A Confederate and U.S. flag being flown close to Camp David (Michael S. Williamson/The Washington Post)

Recently, CNN covered the story of two white Georgia residents who received lengthy prison sentences after brandishing a weapon, making threats, and hurling racial slurs at the mostly black attendees of a child’s birthday party. Some reports have centered on the role of the Confederate flag, which the defendants and their associates displayed from their vehicles during the incident. But the case is also notable because Torres and Norton were sentenced to banishment from Douglas County, Ga., after they complete their prison terms.

This may seem strange to modern readers. Banishment sounds like something from ancient Greece or perhaps a totalitarian dictatorship rather than a contemporary U.S. state. But banishment in Georgia is a common practice. Here is how it works, and what it means.

Banishment is within states, not between them

U.S. states like Georgia and Mississippi don’t banish people so that they have to leave the state altogether. Instead, they typically banish people from specific localities. Most often, the areas from which people are banished are relatively small, such as judicial districts, counties or municipalities. While banishment from the state would invite federal constitutional challenges, the state’s own constitution merely forbids banishment from the state — a provision that Georgia jurists have taken to mean that banishment within the state is permissible. Houston County, for instance, has banished more than 500 people since 1998.

While Georgia courts impose far more sentences of banishment than other states, Georgia officials are not alone in using the machinery of law and government to expel particularly disfavored members from their home communities. Explicitly sentencing offenders to banishment is rare outside of Georgia and Mississippi, however, imposing banishment as a condition of parole, pardon or probation is a surprisingly common practice across the nation.

Why do courts banish people

Banishment raises questions given contemporary constitutional norms. So why banish? After all, the prison system is supposed to control and punish people who break the law.

One answer to this question involves the nature of the offenses for which people are banished. Among the most common are sex offenses, drug-related crimes, and “person” offenses like stalking, domestic assault or assault and battery. Generally, banishment is reserved for people who have committed offenses that are not merely prohibited by the law, but are considered malum in se, or bad in themselves. People are banished when they commit offenses that are regarded as particularly morally blameworthy.

Banishment, even in the jurisdictions where it is employed most often, is not standardized, nor is it imposed in all possible cases. It is not simply one penalty among many, but is reserved for special cases. Banishment goes beyond the traditional aims of punishment, like deterrence, restraint, rehabilitation or retribution. As in the ancient world, it sends a strong message by radically changing the relationship between the expelled member and the community that he or she was expelled from. It expresses the community’s rejection of both the offense and the offender. Banishment is not merely a penalty, but a tool to control membership of the community.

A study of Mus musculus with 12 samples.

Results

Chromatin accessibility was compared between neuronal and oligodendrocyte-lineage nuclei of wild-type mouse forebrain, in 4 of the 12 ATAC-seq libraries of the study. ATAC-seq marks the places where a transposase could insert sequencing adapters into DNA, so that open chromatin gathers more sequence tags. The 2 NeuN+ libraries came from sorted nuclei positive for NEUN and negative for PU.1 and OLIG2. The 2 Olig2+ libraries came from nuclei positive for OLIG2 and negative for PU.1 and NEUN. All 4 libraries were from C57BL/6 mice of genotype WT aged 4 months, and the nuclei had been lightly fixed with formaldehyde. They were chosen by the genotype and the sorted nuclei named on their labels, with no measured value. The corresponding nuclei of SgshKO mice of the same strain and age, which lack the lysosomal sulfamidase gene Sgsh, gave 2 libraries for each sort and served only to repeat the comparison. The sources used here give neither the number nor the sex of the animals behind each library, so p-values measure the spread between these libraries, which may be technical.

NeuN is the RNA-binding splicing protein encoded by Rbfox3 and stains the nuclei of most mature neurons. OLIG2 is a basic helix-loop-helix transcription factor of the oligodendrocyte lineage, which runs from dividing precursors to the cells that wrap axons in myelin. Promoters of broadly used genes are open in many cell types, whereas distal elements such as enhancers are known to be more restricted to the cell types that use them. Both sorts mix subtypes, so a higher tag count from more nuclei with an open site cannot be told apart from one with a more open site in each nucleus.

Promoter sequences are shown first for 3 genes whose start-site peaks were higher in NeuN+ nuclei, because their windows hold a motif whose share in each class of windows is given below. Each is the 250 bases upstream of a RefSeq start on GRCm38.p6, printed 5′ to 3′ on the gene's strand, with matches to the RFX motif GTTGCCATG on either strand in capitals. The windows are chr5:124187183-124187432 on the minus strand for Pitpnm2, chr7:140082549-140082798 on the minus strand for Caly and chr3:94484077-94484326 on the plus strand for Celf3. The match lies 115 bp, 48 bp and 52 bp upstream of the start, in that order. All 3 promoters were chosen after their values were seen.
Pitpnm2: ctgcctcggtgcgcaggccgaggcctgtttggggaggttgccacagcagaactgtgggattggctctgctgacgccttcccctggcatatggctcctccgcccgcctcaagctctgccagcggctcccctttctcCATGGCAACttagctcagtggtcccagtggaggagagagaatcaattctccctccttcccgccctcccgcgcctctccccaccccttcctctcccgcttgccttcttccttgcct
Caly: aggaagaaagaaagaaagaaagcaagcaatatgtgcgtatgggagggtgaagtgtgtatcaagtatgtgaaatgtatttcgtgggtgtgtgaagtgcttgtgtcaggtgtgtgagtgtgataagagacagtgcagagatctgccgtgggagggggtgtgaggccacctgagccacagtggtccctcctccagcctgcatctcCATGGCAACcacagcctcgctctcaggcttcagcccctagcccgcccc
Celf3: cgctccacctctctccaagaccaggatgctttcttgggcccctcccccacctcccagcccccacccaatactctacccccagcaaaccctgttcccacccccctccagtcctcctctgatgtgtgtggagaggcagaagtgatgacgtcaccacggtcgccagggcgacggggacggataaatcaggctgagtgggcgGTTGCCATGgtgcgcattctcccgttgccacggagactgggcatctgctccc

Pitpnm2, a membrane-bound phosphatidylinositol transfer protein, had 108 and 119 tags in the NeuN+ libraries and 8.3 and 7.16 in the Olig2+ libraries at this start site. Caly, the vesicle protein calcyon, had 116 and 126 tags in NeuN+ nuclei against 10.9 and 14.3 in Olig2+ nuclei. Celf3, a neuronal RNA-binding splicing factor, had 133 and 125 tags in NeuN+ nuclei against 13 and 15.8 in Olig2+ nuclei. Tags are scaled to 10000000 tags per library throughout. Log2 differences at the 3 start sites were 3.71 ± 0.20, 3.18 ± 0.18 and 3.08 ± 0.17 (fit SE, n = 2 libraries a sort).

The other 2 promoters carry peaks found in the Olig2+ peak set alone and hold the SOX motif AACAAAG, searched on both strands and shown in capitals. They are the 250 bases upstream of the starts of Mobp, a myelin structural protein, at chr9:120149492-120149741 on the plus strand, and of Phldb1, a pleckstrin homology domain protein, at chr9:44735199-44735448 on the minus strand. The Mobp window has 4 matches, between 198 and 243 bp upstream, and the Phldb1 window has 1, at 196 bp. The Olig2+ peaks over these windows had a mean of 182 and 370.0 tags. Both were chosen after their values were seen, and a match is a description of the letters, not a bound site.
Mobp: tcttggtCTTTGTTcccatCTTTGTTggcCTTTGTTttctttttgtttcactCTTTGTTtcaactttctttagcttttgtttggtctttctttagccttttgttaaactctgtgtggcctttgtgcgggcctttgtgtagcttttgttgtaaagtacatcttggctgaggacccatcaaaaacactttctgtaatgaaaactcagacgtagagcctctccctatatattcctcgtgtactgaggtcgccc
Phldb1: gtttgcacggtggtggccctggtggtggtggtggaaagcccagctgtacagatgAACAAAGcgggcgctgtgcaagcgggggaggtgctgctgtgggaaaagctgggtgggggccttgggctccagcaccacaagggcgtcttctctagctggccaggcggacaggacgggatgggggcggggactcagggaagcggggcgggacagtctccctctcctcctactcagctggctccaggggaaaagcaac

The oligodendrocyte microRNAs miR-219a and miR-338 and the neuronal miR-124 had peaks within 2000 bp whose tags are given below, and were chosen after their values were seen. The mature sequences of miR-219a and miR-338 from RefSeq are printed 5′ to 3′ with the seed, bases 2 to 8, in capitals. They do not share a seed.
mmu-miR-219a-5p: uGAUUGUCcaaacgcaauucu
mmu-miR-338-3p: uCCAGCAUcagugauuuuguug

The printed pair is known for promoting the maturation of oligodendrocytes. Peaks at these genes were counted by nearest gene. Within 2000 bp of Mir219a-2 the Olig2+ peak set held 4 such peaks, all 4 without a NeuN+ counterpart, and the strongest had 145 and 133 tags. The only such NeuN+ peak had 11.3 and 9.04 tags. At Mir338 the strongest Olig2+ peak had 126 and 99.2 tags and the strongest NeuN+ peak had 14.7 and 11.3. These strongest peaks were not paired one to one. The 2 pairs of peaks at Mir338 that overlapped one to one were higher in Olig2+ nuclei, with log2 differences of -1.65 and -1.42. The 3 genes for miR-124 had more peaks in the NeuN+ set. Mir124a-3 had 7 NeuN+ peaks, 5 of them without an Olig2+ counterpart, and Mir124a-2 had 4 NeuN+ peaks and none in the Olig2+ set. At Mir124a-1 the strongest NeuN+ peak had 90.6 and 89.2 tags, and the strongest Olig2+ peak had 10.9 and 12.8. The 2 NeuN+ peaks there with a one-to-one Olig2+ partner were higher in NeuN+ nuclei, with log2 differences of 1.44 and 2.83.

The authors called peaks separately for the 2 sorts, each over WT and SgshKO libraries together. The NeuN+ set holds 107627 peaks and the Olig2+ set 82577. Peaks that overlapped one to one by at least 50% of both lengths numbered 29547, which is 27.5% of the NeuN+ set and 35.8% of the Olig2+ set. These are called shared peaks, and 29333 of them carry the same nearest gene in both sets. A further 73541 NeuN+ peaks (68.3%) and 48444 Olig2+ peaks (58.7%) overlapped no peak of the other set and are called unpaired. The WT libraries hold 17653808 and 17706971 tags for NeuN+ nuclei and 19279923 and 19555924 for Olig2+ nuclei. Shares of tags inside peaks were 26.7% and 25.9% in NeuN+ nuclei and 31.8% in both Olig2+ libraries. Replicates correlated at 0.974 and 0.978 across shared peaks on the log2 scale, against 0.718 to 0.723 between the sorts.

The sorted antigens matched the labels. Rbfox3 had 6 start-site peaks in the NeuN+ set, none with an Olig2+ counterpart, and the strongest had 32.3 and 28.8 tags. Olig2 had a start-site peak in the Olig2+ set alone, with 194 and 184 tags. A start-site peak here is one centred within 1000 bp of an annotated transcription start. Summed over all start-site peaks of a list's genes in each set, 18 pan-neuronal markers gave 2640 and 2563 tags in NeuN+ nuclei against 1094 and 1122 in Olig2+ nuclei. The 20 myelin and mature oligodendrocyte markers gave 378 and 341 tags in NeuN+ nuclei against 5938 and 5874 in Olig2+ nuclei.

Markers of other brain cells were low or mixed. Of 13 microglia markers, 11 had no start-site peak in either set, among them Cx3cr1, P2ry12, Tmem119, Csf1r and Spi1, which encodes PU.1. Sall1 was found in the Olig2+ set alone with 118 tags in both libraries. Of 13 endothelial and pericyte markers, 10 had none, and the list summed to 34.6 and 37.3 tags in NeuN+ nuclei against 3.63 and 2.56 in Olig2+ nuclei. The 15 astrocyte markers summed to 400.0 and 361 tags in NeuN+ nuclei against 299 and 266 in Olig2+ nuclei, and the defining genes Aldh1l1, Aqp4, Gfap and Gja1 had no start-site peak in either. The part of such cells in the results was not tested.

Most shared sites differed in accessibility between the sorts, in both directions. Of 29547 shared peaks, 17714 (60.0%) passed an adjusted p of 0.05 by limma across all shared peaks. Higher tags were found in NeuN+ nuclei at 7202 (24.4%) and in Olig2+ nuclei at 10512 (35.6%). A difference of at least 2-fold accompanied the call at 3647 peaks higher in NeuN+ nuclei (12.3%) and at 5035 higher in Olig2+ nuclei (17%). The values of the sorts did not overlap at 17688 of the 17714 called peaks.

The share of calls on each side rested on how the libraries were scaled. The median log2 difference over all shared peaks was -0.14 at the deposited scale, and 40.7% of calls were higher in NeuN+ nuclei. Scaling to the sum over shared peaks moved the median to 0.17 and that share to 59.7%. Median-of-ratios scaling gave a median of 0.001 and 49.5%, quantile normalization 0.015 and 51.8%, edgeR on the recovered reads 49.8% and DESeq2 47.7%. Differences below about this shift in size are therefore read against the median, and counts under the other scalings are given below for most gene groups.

Banishment is not a legal curiosity

Georgia and Mississippi (the states that most often openly impose banishment) have begun to establish some broad rules for its use, primarily through parole and probation guidelines. However, even in those places, how and when to use banishment is largely left to the discretion of judges. This suggests that when judges banish someone, it is because they are interpreting the norms of the community — in some rough and ready way — regarding who should be considered a member. In other words, banishment isn’t a curious leftover from an earlier age. More even than other forms of punishment, it is fundamentally political. It controls community membership and reinforces existing ideas about what kind of person is or is not eligible to belong to a given polity.

This can have reprehensible results. Few people know that the decision on mixed-race marriage that ultimately led to the U.S. Supreme Court case Loving v. Virginia included a provision that would have allowed the Lovings to avoid imprisonment on the condition that they left the state of Virginia for 25 years. In that instance, the use of banishment reflected Virginia’s commitment to racist values. If banishment operates as a method of defining the intolerable, however, then this recent case sends a very different message. By banishing Norton and Torres for committing acts of racist intimidation against their black neighbors, the Douglas County court sent a strong message about what membership in that community is expected to entail and what is incompatible with belonging to that community.

It’s hard to see how banishment can be supported in a liberal democracy committed to allowing different people to adhere to different values. Banishment raises the question of whether the government should use its coercive power to enforce moralized decisions about community membership based on an ill-articulated, contestable vision of the good.

Even so, banishment can tell us important things about the principles of community membership in the places that use it. It suggests that those principles are changing. Practices that were once regarded as abhorrent — people of different races and ethnicities making their lives together — are now regarded as acceptable, while racist practices that used to be treated as acceptable are now abhorrent.

Briana McGinnis is a postdoctoral student at McGill University.